Today’s fitness challenge is slightly different to my normal posts as today you’ll be hearing from my husband and his perspective on how to train for adventure / obstacle races (Think Spartan race, Warrior, Impi Challenge)
I recently participated in the first ever Spartan Race in Korea and I loved it. Having finished in the top 20 out of about +2000 competitors I realized that it was my training schedule that got me there. I’ve done my fair share of road and trail races but NOTHING compares do doing an adventure / obstacle race.
Well, everything. Let’s start with the “why”.
– It’s the type of race that you actually want to talk about afterwards.
– Not only is the vibe amazing pre- and post race but you actually get to do something fun that will put you out of your comfort zone.
– A memory is only as good as the people you share it with, so make sure you do this with friends to really experience the build up and the feeling of accomplishment at the end.
I’m not trying to discourage road running or trail running, I still do both. It’s just that those types of races are focused on the individual and on one discipline i.e. running. Obstacle races bring people together, it unites us and that’s why you need to get out there and do it.
How do you train for it?
First off, you don’t need a gym. Secondly, it’s still a race so expect a fair bit of running. The running during an obstacles race is almost always stop-start, there’s hardly ever a clear stretch of a few kilometers. This means that building momentum isn’t really possible.
How to conquer this?
1) Do court sprints, ideally on a sports field. Aim to keep your pace as fast as possible and gradually increase in your overall distance as the week’s progress.
2) Base fitness level. This means going for the odd 5km to 10km run at an easy pace is just as important as doing those short sprints.
– Warm up before doing any strenuous exercise. I can’t stress this enough! The last thing you want is to get an injury 2 or 3 weeks prior to the race.
– Stretching! Once again, doing various stretches (after training) is key if you want to avoid injuries and muscle stiffness. I always stretch after a run.
-Do squats and then some more. I always used to battle with knee injuries but since I’ve added squats do my training schedule my knees haven’t complained once.
3) It also involves using your upper bodyso you’ll need to focus some training on developing that strength.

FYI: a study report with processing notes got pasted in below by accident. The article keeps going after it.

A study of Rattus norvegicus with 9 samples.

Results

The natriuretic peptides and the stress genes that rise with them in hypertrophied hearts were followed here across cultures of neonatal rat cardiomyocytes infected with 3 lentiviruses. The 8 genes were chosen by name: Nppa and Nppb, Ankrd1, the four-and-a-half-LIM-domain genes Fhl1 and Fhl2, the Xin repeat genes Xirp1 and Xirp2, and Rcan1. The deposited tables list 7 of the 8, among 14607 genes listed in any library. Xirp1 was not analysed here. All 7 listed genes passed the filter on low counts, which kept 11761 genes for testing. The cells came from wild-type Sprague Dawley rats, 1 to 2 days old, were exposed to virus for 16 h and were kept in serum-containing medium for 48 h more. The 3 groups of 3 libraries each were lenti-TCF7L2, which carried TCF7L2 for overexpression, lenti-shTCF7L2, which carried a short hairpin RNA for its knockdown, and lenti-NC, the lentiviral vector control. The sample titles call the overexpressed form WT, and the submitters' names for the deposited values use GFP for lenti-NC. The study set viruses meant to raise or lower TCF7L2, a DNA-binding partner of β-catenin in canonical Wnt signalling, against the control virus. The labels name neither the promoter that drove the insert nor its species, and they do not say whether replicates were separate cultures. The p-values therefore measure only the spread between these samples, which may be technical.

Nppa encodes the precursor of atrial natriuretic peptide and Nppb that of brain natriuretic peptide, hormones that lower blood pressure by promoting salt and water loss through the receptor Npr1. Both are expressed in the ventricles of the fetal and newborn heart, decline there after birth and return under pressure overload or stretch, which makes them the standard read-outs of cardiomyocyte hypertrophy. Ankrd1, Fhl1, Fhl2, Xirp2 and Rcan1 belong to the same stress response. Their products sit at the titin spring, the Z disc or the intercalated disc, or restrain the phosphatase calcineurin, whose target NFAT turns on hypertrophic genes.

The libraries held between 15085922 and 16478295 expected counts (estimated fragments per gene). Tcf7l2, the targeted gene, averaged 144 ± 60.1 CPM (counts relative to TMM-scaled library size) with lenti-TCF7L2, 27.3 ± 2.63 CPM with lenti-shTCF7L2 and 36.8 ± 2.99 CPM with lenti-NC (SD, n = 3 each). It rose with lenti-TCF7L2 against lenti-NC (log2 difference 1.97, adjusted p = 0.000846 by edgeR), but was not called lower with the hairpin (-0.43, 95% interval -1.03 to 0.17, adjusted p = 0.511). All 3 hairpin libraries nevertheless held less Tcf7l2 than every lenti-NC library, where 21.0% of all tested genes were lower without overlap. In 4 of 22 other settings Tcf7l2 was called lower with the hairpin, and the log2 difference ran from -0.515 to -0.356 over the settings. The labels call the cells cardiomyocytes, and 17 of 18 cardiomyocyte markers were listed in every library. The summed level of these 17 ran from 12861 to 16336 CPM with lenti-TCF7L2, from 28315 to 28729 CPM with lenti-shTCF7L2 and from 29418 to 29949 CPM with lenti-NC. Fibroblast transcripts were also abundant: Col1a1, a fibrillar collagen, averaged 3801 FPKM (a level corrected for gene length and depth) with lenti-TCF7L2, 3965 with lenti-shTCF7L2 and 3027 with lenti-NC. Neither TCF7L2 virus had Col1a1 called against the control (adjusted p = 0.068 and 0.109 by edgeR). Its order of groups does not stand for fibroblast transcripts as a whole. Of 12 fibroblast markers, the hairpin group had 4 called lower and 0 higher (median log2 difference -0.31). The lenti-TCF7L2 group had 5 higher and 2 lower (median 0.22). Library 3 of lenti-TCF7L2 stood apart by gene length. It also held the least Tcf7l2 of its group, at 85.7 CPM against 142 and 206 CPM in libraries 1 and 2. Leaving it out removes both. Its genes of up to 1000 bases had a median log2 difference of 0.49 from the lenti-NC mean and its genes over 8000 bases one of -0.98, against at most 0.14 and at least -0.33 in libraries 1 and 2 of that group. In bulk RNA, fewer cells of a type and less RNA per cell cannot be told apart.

l Burpees (This is a fantastic all round exercise that will not only increase your anaerobic fitness level but may come in handy should you fail to complete certain obstacles i.e. failure to complete an obstacle in the Spartan Race means you have to do 30 burpees)
l Push-ups (ladies you can rest on your knees)
l Sit-ups (I thought you said upper body strength? Having a strong core [abs] makes all the difference when you’re trying to combine your lower and upper body to complete certain obstacles)
l Pull-ups (I’ll be honest and say that this is the part of training that will be the most difficult to do. I’m not asking you do become a beast and to do 30 pull-ups…that will just put me to shame haha. No, start by just hanging on for as long as you can)
How much time should you give yourself to train?
That depends on 2 things: How intense the race is and how well you want to do. As a general rule of thumb I will advise to set aside 8 – 12 weeks for proper training. This seems like such a long time but trust me, your body will thank you.
Let’s do a quick recap of the exercises required:
1) Court sprints (try to do this at least once if not twice a week)
2) Normal runs (2 – 3 times a week)
3) Burpees (start with 10 reps twice a week and add 10 every week)
4) Push-ups (do at least 10-20 reps 3 times a week)
5) Sit-ups (20 reps at least 3 times a week)
6) Pull-ups (start by just hanging on for as long as possible and do your best to beat your previous record)
Remember, goals are only achievable if you can measure them, so record your daily training and aim to improve no matter what it takes. Some days you’ll lack motivation, have a clear reason as to why you are training for this race. Don’t do it alone, get a training buddy to not only hold you accountable but to encourage each other to reach new heights. Always keep it fun and reward yourself with rest days.
Please feel free to contact me (firstname.lastname@example.org) should you wish to have a tailored fitness plan.